You want your headline to give them a taste of what’s coming but leave them wanting more. Get in position… Go!
You might be familiar with Ogilvy’s famous quote: “On average, 5 times as many people read the headline as read the body copy. When you have written your headline, you have spent 80 cents out of your dollar.”
So according to the “Father of Advertising”, the headline you want to learn to write will be read 5 times more than the actual full material. That’s a lot of pressure. In fact, some copywriters often spend more time deciding on the perfect headline than actually writing the material.
So, how do you write a good headline? And which type of headline works best for different kinds of content?
Attention Grabbing Headlines
If only 8 out of 10 people will read headline copy, but only two out of 10 will read the rest, how do you write an attention-grabbing headline that will be good enough to drive people to the final piece of content?
First of all, many content creators use words that sound catchy, like “The 5 Best…” or “How to Make…”. Some consider these to be a bit click-batey but it really depends on how you write it.
Let me give you an example:
Marketing Automation: What is it, Examples & Tools 
5 Killers Marketing Automations that will take your company to the next level
Sure, you might know 5 killer ways to automate certain marketing activities and bring success to your client but are you over-promising just a little bit? Will you deliver on your promise? Does it sound too good to be true?
People are way more skeptical and reluctant when it comes to clicking things online nowadays so make sure your headline is realistic, ambitious but trustworthy. Something I often showcase in my on-point newsletter is that ads, taglines, headlines and any piece of copy for that matter, that connect to their audience will never go out of style.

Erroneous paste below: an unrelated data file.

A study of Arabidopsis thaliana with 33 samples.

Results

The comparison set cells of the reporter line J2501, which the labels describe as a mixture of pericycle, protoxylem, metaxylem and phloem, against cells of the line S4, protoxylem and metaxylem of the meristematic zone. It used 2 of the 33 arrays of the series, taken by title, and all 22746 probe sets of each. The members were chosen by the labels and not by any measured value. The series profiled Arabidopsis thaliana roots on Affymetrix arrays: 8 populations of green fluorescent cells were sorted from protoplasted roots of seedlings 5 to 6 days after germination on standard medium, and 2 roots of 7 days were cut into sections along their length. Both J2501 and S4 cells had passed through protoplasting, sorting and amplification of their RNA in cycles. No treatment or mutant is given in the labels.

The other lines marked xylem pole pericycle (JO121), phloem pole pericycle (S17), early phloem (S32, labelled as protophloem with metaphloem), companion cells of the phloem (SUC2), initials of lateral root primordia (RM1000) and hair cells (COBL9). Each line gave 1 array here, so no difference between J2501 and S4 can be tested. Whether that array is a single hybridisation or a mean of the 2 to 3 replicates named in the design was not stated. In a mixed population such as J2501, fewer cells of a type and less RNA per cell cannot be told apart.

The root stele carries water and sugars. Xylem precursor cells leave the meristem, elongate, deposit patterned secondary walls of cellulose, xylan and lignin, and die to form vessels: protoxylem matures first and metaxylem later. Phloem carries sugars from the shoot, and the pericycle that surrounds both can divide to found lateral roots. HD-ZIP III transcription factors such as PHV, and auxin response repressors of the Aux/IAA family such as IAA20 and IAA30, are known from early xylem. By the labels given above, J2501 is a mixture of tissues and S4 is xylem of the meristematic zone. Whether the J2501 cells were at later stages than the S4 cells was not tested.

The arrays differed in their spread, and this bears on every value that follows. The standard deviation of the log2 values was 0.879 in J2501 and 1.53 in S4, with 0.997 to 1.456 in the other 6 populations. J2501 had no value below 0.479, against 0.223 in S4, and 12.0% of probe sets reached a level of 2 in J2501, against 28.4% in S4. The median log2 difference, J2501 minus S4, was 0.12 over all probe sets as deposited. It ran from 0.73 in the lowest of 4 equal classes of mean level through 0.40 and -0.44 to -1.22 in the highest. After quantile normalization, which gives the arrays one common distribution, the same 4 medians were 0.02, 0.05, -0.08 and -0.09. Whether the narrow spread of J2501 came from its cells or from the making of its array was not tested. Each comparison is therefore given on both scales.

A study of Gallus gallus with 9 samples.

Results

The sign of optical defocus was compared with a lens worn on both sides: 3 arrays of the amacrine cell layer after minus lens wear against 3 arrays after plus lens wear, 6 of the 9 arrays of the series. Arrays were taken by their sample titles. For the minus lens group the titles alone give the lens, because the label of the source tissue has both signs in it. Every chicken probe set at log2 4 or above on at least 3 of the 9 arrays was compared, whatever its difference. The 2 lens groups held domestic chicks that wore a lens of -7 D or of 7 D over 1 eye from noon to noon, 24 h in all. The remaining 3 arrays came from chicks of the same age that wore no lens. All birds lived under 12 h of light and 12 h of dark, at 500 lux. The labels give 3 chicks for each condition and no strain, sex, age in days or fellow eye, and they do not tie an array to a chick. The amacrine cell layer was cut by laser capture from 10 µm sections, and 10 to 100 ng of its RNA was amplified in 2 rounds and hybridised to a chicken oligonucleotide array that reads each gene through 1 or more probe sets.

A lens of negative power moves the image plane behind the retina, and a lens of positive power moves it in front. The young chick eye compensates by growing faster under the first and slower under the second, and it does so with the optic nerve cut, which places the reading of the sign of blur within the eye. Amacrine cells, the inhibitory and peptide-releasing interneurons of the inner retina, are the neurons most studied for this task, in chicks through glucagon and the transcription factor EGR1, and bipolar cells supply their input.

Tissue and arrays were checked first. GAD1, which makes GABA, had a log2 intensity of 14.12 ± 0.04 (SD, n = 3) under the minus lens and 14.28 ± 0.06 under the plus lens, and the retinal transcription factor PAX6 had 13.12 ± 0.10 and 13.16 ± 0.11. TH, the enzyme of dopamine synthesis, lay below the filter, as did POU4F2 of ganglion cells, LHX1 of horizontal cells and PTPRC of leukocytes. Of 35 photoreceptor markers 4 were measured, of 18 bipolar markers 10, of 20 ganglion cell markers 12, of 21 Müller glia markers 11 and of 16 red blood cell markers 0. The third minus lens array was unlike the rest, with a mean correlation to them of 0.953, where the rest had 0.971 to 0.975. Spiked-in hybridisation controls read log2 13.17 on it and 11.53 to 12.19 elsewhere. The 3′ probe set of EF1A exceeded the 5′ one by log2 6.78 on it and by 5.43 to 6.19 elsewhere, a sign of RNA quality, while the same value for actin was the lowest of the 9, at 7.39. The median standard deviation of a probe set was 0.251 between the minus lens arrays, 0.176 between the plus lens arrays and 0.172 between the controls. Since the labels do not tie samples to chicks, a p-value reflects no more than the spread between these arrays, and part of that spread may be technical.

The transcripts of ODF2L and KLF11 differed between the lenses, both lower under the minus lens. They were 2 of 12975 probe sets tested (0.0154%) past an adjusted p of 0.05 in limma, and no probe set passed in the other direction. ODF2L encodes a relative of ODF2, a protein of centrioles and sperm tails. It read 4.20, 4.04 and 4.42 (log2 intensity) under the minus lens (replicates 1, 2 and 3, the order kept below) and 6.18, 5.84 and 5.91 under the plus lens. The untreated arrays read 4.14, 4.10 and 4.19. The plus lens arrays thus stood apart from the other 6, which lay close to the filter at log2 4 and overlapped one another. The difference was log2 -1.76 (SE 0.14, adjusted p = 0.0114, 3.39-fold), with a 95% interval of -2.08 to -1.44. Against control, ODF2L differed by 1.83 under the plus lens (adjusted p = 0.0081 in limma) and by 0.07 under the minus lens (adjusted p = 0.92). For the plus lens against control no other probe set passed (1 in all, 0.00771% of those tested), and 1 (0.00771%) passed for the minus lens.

Practical tips on writing catchy headlines
Let me just dive right in:
Highlight a problem and suggest you have a solution.
Be snappy, witty and think outside the box. Gone are the days of quizzes, long titles or “will make you” headlines such as “What This Airline Did for Its Passengers Will Make You Tear Up”.
Don’t exaggerate, be realistic yet ambitious. No more “The most beautiful…” and more of “The breathtaking…”.
Use numbers but don’t be a cliche. Steer away from “5 Ways to” and more of “How to…”. People want to learn, not be spoken to.
Inform people from the get-go and give them a taste of the juicy article they’re about to read.
Don’t be vague, tell the reader what they’re in for.
Don’t be afraid to make it long if it makes sense.
My point is: headlines are more important than you think and it’s time to give them the proper love and attention they deserve. Write at least 10 headlines before you even consider landing on one. Send it around and get people’s reaction. At least at first and until you get the hang of it.
But that’s just me… thinking out loud.